Starting tomorrow morning Hall, who lives near Bath and running partner Beth Pascall, one of Britain’s leading female long distance runners, will line up to run the Cape Wrath Trail from Fort William to the north western outreaches of Scotland.
In a self-supporting effort the pair are aiming to complete the 230 miles and around 12,000 metres of climbing through one of the biggest wildernesses in the UK inside the current record time of seven days and nine hours.
“The Cape Wrath trail goes through a very remote area of the country with virtually no mobile phone signal and crossing just a handful of roads,” said Hall, who works as a freelance journalist specialising on the outdoors in Bath
“If we get into trouble with the weather, illness or injury we would face a least half a day’s walk to get to a road and then we still might not see anyone for ages.
“At this time of year the weather is very unpredictable and that far north we will only have six or seven hours of daylight.
“Hopefully it will stay cold and dry as that will be easier for running. If it gets very wet then it becomes even more difficult as running in wet shoes is not good.
“Also, we have several river crossings and after heavy rain they can swell and become pretty dangerous so we cannot afford to be too gung-ho or silly about it.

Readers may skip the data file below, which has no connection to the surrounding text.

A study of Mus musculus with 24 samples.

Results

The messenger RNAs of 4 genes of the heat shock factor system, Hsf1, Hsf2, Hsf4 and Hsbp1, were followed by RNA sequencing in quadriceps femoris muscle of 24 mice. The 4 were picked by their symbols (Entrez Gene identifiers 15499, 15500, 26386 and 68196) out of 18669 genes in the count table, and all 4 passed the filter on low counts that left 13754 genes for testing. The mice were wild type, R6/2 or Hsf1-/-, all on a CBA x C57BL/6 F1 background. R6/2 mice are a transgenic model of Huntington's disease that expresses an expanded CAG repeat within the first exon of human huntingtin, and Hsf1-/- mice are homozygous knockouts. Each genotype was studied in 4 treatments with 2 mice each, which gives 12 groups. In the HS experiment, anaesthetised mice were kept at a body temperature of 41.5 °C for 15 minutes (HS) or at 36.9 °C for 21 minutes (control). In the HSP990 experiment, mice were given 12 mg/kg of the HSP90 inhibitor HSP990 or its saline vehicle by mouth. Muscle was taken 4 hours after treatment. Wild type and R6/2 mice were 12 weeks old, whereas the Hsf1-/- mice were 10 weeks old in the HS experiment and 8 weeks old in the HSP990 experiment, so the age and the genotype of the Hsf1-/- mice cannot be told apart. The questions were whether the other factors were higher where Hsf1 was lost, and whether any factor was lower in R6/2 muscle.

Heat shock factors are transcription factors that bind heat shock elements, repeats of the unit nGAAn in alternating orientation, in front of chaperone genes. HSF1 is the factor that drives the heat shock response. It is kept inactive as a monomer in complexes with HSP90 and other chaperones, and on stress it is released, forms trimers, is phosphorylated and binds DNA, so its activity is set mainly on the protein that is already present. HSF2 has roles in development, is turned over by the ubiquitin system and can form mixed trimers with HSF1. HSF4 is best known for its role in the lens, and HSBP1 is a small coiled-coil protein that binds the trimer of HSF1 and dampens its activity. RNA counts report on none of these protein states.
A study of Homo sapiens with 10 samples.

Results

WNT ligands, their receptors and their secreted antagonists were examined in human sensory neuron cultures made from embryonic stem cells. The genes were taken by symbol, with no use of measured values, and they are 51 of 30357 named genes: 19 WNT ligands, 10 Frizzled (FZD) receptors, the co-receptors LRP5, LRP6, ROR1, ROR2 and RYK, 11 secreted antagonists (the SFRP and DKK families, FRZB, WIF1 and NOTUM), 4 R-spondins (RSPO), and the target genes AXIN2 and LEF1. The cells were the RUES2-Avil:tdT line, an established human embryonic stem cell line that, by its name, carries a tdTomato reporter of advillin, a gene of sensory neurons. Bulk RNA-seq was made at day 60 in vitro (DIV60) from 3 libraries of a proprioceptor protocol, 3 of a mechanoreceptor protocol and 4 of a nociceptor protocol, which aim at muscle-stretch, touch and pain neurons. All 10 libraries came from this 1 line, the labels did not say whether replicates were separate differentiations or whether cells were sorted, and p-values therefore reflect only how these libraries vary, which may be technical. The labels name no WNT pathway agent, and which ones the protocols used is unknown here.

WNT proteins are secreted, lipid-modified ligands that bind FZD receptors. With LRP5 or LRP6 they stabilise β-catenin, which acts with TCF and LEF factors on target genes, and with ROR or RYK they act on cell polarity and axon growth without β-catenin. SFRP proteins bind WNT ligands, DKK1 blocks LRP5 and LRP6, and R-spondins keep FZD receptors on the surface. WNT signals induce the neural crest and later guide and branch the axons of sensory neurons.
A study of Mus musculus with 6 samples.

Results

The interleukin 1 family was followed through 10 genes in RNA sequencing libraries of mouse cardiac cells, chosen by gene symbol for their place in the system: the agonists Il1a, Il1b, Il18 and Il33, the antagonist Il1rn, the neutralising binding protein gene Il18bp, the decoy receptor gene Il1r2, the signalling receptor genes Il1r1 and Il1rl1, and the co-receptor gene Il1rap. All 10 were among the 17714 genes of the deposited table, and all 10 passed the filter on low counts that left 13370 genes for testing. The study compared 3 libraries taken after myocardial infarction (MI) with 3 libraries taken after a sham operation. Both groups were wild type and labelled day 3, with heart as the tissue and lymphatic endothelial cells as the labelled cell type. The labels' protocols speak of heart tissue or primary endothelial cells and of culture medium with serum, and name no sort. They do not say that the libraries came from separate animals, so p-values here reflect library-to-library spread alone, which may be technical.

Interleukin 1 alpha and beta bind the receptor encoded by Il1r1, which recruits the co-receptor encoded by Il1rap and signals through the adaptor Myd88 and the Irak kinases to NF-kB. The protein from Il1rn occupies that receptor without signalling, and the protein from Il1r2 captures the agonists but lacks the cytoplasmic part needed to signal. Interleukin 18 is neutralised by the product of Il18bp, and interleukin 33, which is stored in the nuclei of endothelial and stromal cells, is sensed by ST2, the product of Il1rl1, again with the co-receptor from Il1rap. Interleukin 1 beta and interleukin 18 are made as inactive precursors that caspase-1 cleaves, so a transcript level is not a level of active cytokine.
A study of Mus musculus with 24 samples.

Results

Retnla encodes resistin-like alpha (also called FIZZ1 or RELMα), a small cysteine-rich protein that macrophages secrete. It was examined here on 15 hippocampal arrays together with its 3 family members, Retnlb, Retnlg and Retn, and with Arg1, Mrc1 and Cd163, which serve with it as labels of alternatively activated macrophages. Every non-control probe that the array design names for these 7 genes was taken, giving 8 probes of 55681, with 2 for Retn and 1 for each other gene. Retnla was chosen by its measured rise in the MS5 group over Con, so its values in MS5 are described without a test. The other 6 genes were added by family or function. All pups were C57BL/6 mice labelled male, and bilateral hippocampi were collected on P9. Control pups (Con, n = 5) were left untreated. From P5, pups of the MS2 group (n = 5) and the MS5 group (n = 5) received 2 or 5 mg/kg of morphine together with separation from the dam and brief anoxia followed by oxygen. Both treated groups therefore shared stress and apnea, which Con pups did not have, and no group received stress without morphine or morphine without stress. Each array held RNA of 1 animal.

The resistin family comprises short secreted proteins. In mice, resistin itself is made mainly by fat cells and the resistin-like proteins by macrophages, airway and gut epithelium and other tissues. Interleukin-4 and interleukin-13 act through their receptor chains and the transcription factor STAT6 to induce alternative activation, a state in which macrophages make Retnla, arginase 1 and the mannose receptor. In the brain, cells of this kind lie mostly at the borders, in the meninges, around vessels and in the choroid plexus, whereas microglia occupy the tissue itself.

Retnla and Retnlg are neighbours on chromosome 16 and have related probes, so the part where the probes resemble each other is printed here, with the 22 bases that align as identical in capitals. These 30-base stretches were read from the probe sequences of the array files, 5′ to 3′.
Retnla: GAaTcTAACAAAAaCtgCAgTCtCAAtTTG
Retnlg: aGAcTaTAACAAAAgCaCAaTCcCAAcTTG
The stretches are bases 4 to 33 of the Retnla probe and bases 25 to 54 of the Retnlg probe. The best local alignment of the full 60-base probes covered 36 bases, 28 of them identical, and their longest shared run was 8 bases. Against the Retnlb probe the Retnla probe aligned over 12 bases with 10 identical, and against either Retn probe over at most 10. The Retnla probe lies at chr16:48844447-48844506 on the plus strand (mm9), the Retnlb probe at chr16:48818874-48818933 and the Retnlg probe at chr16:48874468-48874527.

“It is going to be a tough one that’s for sure.”
Hall and Pascal won’t even carry tents aiming to use the Scottish bothies, which are basic shelters left unlocked and available for anyone to use free of charge, along the way.
“We’ll carry our own bivvy bags as back-ups plus a stove to brew up tea plus provisions and hopefully we can get things as well along the way,” added Hall.
The record attempt is classed as a FKT Challenge – a fastest known time challenge- as against a Guinness Book World record bid due to the nature of the terrain and difficulties in accurately monitoring the attempt.
“Verification of a FKT attempt is obviously less stringent that a Guinness record attempt as we are going through such remote areas but we will be wearing GPS watches, from which the data will be independently verified afterwards and people can track our progress live as well,” explained Hall.
“The attempt is really to showcase that you can still enjoy adventure, whether in winter or summer, in some really remote areas in Britain.
“I think people believe we are a small, over-crowded island but hopefully this will show otherwise. It will be a great adventure and hopefully we can beat the record.”
If so it will be Hall’s second long-distance record as a few years ago he also broke the best time for completing the 630 miles of the South West Coast Path.